Luke’s review published on Letterboxd:
*may contain minor spoilers*
A pitch black orchestral symphony of pure horror and dread, Black Swan is the great filmic tragedy of the 21st century. Both sadistic and empathetic, it is gorgeously ruthless in its depiction of Nina, a dedicated and obsessive ballerina who wants nothing more than to play the part of the Swan Queen in the Swan Lake ballet to utter perfection.
Her journey begins where a legend's journey ends. Beth had previously played the part, but is now going into retirement. The company leader, Thomas, must now pick a new Swan Queen. Nina knows this is her one and only chance to achieve perfection. She auditions and gets the part.
For Nina, all hell breaks loose. The film is a parallel to the story of the Swan Lake ballet, and this becomes ever clearer and more terrifying as the story continues to unfold. It's a story told as a fever dream, wrought with terror and the confection between Nina's inner desires and the outside forces that affect her. But it does not display her situation with disdain. The film is empathetic, by means of outright horror. Nina is just as scared as we are, and through our own terror we are able to empathize with her terror.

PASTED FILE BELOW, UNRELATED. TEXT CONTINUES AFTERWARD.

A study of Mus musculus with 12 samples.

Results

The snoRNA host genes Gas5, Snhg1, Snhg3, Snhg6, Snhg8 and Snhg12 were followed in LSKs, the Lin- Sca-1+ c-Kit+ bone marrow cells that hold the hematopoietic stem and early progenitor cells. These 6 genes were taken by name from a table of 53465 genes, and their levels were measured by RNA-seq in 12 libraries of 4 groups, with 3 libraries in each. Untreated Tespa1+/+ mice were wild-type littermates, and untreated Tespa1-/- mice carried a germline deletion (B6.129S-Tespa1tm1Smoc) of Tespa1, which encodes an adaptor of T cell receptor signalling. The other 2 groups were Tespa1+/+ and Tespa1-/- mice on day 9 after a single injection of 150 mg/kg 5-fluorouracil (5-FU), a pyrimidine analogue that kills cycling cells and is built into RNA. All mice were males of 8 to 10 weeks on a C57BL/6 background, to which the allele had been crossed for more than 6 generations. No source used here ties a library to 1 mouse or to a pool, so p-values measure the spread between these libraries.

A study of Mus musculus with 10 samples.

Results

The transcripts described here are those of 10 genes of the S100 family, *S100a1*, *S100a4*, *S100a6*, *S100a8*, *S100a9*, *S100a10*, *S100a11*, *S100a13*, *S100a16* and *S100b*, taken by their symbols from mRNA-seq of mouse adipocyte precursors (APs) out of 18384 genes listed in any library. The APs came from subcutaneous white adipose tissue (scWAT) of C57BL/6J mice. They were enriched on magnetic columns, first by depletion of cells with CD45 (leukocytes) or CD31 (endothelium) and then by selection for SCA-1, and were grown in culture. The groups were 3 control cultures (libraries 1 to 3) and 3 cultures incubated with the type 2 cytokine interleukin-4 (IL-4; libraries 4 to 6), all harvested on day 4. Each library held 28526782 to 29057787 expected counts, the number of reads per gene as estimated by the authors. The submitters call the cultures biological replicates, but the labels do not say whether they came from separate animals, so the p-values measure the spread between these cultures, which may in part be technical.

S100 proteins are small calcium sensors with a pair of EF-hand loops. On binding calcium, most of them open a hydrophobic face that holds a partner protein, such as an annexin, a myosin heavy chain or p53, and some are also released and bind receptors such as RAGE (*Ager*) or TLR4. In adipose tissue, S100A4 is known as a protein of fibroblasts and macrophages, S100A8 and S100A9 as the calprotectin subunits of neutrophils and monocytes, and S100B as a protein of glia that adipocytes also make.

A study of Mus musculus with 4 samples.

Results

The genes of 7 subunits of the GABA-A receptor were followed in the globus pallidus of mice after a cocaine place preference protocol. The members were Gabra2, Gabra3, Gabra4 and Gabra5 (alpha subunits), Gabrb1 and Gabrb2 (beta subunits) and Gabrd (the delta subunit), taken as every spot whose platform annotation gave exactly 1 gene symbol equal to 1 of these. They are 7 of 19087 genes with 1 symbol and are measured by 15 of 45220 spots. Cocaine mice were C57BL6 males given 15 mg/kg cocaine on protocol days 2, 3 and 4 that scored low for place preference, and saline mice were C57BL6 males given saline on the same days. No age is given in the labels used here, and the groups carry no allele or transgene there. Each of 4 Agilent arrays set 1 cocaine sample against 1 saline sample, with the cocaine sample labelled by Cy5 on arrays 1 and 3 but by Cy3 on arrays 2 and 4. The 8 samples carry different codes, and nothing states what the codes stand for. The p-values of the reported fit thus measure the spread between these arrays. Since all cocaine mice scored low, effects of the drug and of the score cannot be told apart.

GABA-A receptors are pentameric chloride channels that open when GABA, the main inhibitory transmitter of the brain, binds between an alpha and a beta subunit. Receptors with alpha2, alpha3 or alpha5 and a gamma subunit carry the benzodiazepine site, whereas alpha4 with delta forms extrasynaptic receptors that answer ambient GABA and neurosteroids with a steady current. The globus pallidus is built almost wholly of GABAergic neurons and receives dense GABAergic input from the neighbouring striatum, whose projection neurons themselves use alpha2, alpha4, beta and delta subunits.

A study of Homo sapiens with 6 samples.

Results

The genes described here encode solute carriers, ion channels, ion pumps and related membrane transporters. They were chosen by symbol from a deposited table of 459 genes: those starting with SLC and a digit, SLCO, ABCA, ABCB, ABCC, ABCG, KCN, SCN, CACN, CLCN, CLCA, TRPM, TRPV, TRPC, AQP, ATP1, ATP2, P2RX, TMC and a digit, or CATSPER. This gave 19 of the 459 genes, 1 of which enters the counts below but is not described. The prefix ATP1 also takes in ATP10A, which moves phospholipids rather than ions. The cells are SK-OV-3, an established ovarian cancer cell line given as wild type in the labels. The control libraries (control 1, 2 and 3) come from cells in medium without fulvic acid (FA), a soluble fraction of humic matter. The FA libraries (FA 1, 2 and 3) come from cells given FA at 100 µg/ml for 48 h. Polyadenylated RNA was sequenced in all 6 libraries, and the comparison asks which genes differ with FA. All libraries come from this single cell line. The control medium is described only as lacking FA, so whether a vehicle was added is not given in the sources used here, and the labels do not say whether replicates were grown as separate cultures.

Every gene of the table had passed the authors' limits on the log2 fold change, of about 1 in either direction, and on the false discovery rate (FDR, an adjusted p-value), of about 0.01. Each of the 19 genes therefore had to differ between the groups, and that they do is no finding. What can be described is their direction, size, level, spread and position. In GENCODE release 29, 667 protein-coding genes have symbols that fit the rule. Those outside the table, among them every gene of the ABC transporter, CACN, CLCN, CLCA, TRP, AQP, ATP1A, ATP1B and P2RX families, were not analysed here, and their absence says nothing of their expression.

The soundtrack, as far as I could tell, mirrored that of the ballet as well, and it's masterful in evoking the scale and poetic symphony of the events unfolding before us. It is one of the all time great soundtracks. And you guys. Natalie Portman. This is one of the few holy shit performances I've seen in my whole life. It's heartbreaking and powerful to the core. She loses herself in this role, and I don't think she'll ever top it (though she was close in Jackie).
This is an artistically masterful piece of filmmaking craft. It is the second best horror film of the 21st century, and by far one of the greatest films ever made. The experience I had rewatching this equated to my horror at first seeing Mulholland Drive. It's nearly that good, and no less (if not more) terrifying. I cannot wait for mother!